Roulette Checkmate

The Role of Semele in Ancient Greek Art

Semele was the beautiful daughter of Cadmus and Harmonia of ancient Thebes. She was the sister of Ino, Agave (Agaue), Autonoe and Polydorus. She was so beautiful she got the attention of Zeus who wished to mate with her. Hera, the wife of Zeus, found out about Semele and tried to trick her to eliminate her as a rival. Hera told Semele that her sexual relations with Zeus would be best if Zeus would appear in all his glory. Semele made Zeus promise to appear this way but when he did she was burned to a crisp. Evidently the relation of Zeus and Semele took some time because Zeus saved a baby from her body and was able to preserve it in his thigh. That baby was the god Dionysus. At any rate this is the myth that comes to us from ancient Greece.

Zeus and Semele
Zeus and Semele, An Allegory of the Desication of Summer Heat

Homer and Hesiod confirm only the geneology of Semele:

  • Hesiod — “And Semele, daughter of Cadmus was joined with him (Zeus) in love and bore him a splendid son, joyous Dionysus,—a mortal woman an immortal son. And now they both are gods.” Hes. Th. 940
  • Hesiod — “And Harmonia, the daughter of golden Aphrodite, bore to Cadmus Ino and Semele and fair-cheeked Agave and Autonoe whom long haired Aristaeus wedded, and Polydorus also in rich-crowned Thebes” Hes. Th. 975
  • Homer — “and Semele bare Dionysus, the joy of mortals” Hom. Il. 14.325

In the Homeric Hymns Hymn 1 to Dionysus line 20 “And so, farewell, Dionysus, Insewn, with your mother Semele whom men call Thyone.”

In the Bacchae of Euripides Dionysus states that Semele was killed by a thunderbolt that was brought about by Hera. The Chorus states that Zeus hid the baby in his thigh. The other parts of the story were added by later authors.

That this story has Indo-European roots is supported by the fact that all the namess associated with the story seem to have Indo-European roots:

  • Semele (Σεμέλη) — ‘Summer destroyer’ from Indo-European and ‘3. sem- ‘summer’ and ‘5. el-, ol-‘, ‘to destroy’
  • Thyone — inspired frenzy — ‘4. dheu-, dheu̯ə-, presumably dhu̯ē-, compare suffixes dhu̯ē-k-, dhu̯ē̆-s-‘, ‘to blow, dissipate, fly about like dust, etc.’ and ‘2. nei-, neiə-, nī- ‘to be moved, excited; to shine”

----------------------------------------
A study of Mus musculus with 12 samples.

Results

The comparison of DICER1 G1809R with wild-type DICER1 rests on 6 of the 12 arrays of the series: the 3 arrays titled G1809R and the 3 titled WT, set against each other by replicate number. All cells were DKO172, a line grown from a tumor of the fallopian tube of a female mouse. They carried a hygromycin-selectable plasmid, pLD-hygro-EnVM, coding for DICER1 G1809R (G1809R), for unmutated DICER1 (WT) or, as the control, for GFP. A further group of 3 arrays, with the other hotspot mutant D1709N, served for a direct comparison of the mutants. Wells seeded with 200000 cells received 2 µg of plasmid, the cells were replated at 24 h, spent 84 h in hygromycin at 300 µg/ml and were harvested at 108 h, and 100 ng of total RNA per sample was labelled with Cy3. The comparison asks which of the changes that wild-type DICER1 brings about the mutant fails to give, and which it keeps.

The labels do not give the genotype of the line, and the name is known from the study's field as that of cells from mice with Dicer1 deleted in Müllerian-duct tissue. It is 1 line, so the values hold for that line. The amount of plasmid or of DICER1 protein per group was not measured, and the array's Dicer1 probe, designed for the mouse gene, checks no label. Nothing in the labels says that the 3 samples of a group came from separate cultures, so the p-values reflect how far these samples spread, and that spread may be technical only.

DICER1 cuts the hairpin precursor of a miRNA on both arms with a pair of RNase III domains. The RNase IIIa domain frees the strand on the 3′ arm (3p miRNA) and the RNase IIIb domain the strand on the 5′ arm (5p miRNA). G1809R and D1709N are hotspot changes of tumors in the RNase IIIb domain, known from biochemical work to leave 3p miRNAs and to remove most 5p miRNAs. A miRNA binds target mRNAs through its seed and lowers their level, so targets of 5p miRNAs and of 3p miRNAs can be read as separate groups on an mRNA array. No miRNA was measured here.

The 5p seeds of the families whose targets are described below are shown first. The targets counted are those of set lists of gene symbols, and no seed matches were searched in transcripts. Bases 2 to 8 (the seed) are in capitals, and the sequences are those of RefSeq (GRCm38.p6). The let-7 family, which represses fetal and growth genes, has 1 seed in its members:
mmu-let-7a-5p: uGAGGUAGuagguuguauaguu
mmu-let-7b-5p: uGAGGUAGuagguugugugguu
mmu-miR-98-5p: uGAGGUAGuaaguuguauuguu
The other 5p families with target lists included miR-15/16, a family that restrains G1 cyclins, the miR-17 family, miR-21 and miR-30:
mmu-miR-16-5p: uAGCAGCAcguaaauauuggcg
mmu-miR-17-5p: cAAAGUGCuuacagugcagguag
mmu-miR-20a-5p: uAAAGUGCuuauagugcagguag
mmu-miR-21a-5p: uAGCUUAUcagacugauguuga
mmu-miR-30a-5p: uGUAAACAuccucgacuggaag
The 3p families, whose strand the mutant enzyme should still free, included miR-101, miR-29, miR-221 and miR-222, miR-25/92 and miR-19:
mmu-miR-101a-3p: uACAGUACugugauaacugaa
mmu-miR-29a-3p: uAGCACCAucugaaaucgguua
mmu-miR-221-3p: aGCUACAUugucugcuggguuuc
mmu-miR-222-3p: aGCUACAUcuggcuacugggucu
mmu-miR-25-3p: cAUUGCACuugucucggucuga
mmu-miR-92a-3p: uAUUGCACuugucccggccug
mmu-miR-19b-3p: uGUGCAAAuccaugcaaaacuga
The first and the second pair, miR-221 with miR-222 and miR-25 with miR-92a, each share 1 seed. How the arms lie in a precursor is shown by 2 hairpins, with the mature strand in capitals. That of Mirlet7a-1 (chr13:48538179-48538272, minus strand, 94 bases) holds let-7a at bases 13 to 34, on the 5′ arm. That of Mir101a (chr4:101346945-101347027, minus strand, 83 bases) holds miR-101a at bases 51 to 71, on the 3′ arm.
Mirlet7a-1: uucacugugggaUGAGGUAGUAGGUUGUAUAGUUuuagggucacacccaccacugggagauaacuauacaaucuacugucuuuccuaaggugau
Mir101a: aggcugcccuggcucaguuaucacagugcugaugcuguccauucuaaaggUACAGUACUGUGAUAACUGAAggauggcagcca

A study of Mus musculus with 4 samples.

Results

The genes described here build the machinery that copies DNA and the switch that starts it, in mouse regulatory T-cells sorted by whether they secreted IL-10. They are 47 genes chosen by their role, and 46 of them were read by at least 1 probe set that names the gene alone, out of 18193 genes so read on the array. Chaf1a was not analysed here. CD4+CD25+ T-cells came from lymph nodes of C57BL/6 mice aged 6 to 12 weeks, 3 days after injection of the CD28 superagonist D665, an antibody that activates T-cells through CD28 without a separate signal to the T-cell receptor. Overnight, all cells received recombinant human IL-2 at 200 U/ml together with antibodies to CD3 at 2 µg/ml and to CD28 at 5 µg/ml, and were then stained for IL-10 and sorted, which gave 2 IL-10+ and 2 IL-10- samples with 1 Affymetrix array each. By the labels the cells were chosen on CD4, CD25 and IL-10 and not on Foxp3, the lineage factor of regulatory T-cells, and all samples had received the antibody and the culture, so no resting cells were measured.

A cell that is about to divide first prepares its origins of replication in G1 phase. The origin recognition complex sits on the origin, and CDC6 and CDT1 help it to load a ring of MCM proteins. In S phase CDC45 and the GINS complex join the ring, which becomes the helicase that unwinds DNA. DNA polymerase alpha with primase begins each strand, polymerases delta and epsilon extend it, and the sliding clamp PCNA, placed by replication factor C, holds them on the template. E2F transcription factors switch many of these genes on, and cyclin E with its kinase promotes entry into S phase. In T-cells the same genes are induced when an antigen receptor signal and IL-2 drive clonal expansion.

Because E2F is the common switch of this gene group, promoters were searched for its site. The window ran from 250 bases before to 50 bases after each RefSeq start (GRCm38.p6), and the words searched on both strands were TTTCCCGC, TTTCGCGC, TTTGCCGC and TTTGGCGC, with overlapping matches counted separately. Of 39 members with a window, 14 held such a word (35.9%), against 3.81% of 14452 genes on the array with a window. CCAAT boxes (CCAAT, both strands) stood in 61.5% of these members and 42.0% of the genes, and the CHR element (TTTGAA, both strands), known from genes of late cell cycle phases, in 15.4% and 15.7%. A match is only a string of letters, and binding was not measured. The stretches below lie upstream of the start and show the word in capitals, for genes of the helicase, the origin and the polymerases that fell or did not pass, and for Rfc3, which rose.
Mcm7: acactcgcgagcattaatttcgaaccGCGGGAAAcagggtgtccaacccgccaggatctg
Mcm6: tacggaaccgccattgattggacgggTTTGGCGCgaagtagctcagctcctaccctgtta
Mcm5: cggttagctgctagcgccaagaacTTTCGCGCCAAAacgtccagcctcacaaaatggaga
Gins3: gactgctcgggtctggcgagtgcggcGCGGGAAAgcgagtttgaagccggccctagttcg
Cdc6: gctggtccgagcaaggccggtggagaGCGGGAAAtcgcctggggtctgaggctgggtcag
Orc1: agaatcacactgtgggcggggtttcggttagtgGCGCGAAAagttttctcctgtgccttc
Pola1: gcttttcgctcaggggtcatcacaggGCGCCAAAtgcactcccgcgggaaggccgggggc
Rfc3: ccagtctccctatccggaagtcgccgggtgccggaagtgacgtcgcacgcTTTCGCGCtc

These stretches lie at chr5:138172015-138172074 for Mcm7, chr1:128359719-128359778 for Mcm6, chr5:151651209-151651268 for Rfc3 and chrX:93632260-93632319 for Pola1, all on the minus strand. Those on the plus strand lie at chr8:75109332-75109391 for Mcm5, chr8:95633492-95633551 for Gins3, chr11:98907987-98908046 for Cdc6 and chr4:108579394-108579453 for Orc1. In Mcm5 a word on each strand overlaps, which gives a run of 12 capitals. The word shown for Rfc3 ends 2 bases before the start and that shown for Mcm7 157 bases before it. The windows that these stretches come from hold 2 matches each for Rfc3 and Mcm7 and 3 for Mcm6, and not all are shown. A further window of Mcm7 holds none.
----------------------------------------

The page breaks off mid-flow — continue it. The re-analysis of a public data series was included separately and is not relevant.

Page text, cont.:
• Cadmus — Κάδμος — ‘glorify by by struggle’, ‘2. kar-, karə-‘, ‘to glorify, praise aloud’ and ‘mō-, mo-lo-‘, ‘to strain, trouble oneself’
  • Harmonia — Ἀρμονία — ‘harmony’ from Indo-European ‘1. ar-, thematic (a)re-, heavy-base arə-, rē-, and i-base (a)rī̆-, rēi-‘, ‘to fit, suit’ and ‘mono-‘ ‘neck; mane’ — (The necklace of Harmonia is particularly significant)
  • Sisters:
    • Ino — Ἰνώ — ‘shining one’ from Indo-European ‘2. nei-, neiə-, nī-‘, ‘to be moved, excited; to shine’
    • Agaue — Ἀγαύη — ‘leader’ from Indo-European ‘ag̑-‘, ‘to lead, drive, agitate’
    • Autonoe — Αὐτονόη — ‘self inspired’ from Indo-European ‘4. au-, u- : u̯ē̆-, u̯o-‘, ‘other; that (one)’ and ‘1. to-, tā-, ti̯o-‘, ‘that, him (neut. or non-nom. demonstrative stem)’ and ‘2. nei-, neiə-, nī-‘, ‘to be moved, excited; to shine’
  • Brother:
    • Polydorus — Πολύδωρος — ‘ many gifts’ from Indo-European ‘1. pel-, pelə-, plē-‘, ‘to pour, fill; full; town?’ and ‘dō- : də-, also dō-u- : dəu- : du-‘, ‘to give, donate’ and ‘4. rei- : rēi-‘, ‘thing, possession’

The derivation of the name ‘Semele’ makes a lot of sense for the story. Some have suggested that the mother of a god must be a goddess. What we find is that Semele must be a mortal goddess in the same vein as Medusa. Se must have been a goddess of Summer. Her beauty is the beauty of late summer that parches the landsape and waits for rain. Her death is the death of the many crops such as grain that dry up in the summer sun. But from that summer sun comes the grapes and their harvest as the following from Hesiod states:

“And when the dark-winged whirring grasshopper, perched on a green shoot, begins to sing of summer to men— [395] his food and drink is the dainty dew—and all day long from dawn pours forth his voice in the deadliest heat, when Sirius scorches the flesh (then the beard grows upon the millet which men sow in summer), when the crude grapes [400] which Dionysus gave to men— a joy and a sorrow both—begin to color, in that season they fought and loud rose the clamor.” Hesiod, Shield of Heracles line 392

And so Semele the goddess of the heat of summer must be the mother of Dionysus, the god of grapes.